Housing starts drop by 10.3% in frigid February; Fed holds off on rate hike

housing starts

With residential and commercial customers losing power across most of Texas last month, it’s not surprising that construction activity slowed.
According to the US Census Bureau’s latest report today, US housing starts reached a seasonally adjusted annual rate of 1.42 million. The February rate marked a 10.3% decline from the previous month.
Furthermore, the rate declined by 9.3% from February 2020.
Furthermore, single-family housing starts in February reached a rate of 1.04 million, or down 8.5% from January. In addition, the February rate for units in buildings with five units or more reached 372,000, the Census Bureau reported.

Building permits also decline

In addition, building permit authorizations declined in February by 10.8%, down to a rate of 1.69 million.
Meanwhile, single-family authorizations fell 10.0% to a rate of 1.14 million. Authorizations of units in buildings with five units or more reached a rate of 495,000.

Materials prices rise

Given the inclement weather in February, paired with a slowdown in China related to the Lunar New Year, it remains to be seen whether February should be viewed as a significant setback for the global and domestic economies or if it is merely a combination of the aforementioned factors. (For example, housing starts also fell in January but increased in December.)
Nonetheless, materials prices remain elevated and supply chains are strained by a bullwhip effect impacting a wide variety of products.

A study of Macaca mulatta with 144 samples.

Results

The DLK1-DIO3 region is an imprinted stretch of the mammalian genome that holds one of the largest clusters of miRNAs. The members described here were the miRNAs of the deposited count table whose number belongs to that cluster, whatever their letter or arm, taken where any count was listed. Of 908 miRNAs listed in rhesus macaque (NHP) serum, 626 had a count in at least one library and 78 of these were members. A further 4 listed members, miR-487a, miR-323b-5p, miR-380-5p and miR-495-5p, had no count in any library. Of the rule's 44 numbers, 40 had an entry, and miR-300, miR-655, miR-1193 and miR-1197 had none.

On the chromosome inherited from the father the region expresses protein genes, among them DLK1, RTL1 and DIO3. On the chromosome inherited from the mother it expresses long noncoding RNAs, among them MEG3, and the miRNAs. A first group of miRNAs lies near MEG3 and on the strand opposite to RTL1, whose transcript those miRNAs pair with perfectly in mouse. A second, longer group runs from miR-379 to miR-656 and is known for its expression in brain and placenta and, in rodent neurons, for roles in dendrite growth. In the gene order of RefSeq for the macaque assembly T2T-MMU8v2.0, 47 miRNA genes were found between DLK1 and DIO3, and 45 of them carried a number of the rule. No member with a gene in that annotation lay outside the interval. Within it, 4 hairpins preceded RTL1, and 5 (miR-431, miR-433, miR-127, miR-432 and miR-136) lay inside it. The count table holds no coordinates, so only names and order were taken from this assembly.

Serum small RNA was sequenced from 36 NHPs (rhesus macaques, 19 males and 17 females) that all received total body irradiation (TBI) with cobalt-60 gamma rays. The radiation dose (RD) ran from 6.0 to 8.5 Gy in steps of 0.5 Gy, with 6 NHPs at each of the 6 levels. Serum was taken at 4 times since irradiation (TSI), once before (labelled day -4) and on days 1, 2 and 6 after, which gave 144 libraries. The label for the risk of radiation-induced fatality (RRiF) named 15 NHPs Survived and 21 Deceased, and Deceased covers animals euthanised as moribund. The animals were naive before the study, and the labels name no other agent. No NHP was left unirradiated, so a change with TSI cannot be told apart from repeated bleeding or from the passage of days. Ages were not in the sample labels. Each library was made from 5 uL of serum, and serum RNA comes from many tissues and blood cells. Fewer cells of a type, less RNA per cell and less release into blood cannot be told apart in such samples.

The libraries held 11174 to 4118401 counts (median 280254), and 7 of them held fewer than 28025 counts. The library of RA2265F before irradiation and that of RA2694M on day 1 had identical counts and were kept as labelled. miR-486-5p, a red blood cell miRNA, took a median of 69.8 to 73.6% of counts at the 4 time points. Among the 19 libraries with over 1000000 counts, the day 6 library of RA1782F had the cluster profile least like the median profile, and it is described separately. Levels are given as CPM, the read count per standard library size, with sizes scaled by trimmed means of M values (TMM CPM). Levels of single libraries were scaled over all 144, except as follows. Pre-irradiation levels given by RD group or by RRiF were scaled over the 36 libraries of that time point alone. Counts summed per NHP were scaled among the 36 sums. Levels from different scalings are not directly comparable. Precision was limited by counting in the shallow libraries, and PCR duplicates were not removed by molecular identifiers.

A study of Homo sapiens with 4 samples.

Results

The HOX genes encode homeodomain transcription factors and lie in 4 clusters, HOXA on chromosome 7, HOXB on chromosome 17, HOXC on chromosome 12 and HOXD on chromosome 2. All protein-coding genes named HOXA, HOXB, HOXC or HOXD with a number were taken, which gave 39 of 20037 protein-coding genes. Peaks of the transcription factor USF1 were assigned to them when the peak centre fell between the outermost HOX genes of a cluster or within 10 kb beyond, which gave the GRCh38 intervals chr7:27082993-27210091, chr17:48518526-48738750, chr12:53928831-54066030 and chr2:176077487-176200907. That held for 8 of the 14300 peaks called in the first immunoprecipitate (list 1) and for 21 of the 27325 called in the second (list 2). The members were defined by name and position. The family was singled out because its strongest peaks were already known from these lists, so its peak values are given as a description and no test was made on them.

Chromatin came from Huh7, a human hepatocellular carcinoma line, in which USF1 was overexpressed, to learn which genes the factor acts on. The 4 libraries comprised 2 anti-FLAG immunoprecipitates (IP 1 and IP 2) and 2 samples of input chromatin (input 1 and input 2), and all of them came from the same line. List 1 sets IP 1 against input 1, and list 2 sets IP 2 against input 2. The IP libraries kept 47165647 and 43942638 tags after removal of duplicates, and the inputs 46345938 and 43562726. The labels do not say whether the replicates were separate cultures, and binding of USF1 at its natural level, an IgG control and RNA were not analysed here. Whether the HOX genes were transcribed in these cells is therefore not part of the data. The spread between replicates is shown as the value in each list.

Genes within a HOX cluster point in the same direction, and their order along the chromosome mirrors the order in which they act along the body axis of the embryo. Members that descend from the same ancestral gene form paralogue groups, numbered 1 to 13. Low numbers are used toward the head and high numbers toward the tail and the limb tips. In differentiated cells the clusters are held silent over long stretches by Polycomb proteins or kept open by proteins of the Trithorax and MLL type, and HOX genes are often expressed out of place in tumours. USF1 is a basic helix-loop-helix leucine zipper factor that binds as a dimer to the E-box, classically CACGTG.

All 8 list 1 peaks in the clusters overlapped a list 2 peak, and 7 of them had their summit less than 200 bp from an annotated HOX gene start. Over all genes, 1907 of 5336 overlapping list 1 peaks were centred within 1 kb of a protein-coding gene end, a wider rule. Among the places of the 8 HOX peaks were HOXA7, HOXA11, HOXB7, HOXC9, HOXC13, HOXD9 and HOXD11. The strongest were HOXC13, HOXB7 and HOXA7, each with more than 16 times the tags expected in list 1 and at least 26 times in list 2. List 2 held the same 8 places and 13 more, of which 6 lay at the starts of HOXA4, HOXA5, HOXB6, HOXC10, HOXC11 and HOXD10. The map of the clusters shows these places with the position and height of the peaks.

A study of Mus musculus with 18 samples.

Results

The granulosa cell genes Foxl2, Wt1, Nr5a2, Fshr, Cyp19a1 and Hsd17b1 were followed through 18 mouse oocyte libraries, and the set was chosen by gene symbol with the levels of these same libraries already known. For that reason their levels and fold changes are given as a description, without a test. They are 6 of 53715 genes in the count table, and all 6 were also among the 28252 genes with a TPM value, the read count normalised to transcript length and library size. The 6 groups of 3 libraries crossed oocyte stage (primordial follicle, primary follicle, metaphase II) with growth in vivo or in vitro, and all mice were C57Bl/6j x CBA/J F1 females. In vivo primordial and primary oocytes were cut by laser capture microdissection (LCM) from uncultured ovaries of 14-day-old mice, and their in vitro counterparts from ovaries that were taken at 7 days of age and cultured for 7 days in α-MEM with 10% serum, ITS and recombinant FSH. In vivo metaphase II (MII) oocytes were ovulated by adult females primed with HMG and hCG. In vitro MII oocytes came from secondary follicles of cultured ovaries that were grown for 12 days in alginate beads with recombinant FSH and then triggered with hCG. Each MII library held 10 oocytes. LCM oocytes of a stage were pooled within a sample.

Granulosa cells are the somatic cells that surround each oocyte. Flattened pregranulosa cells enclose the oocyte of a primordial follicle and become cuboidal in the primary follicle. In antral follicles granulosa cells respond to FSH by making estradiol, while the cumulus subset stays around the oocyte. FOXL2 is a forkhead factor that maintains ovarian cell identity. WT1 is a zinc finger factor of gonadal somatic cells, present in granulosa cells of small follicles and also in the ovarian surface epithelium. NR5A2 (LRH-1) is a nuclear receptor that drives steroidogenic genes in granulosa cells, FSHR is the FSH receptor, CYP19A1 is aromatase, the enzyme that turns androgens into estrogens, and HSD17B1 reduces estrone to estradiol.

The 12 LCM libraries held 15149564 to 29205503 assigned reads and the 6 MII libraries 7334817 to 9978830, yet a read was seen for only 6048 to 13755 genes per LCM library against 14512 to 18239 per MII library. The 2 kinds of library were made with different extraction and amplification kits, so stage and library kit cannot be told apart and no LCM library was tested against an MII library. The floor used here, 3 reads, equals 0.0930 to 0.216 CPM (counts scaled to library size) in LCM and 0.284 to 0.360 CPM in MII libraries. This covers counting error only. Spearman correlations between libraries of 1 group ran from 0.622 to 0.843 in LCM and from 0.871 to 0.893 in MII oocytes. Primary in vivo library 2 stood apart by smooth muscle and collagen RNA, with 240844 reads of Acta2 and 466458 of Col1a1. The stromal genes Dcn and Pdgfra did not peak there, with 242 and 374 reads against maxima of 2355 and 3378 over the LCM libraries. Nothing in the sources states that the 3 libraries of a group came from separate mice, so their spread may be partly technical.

According to the Associated General Contractors of America, inputs for new residential construction have increased by 14% from April 2020 to February 2021.

Treasury yields hit highest level since January 2020; Fed holds on rate hike

Meanwhile, in other economic indicators, the US 30-year treasury yield reached 2.38% on Tuesday, its highest level since January 2020.
Elsewhere, the Federal Reserve released a statement today in which it again maintains the federal funds rate of 0-0.25%.
The Federal Reserve said it expects to maintain that rate until labor market conditions have “reached levels consistent with the Committee’s assessments of maximum employment and inflation has risen to 2 percent and is on track to moderately exceed 2 percent for some time.”
“Following a moderation in the pace of the recovery, indicators of economic activity and employment have turned up recently, although the sectors most adversely affected by the pandemic remain weak,” the Federal Reserve said. “Inflation continues to run below 2 percent.”
Financial conditions remain “accommodative,” the Fed added.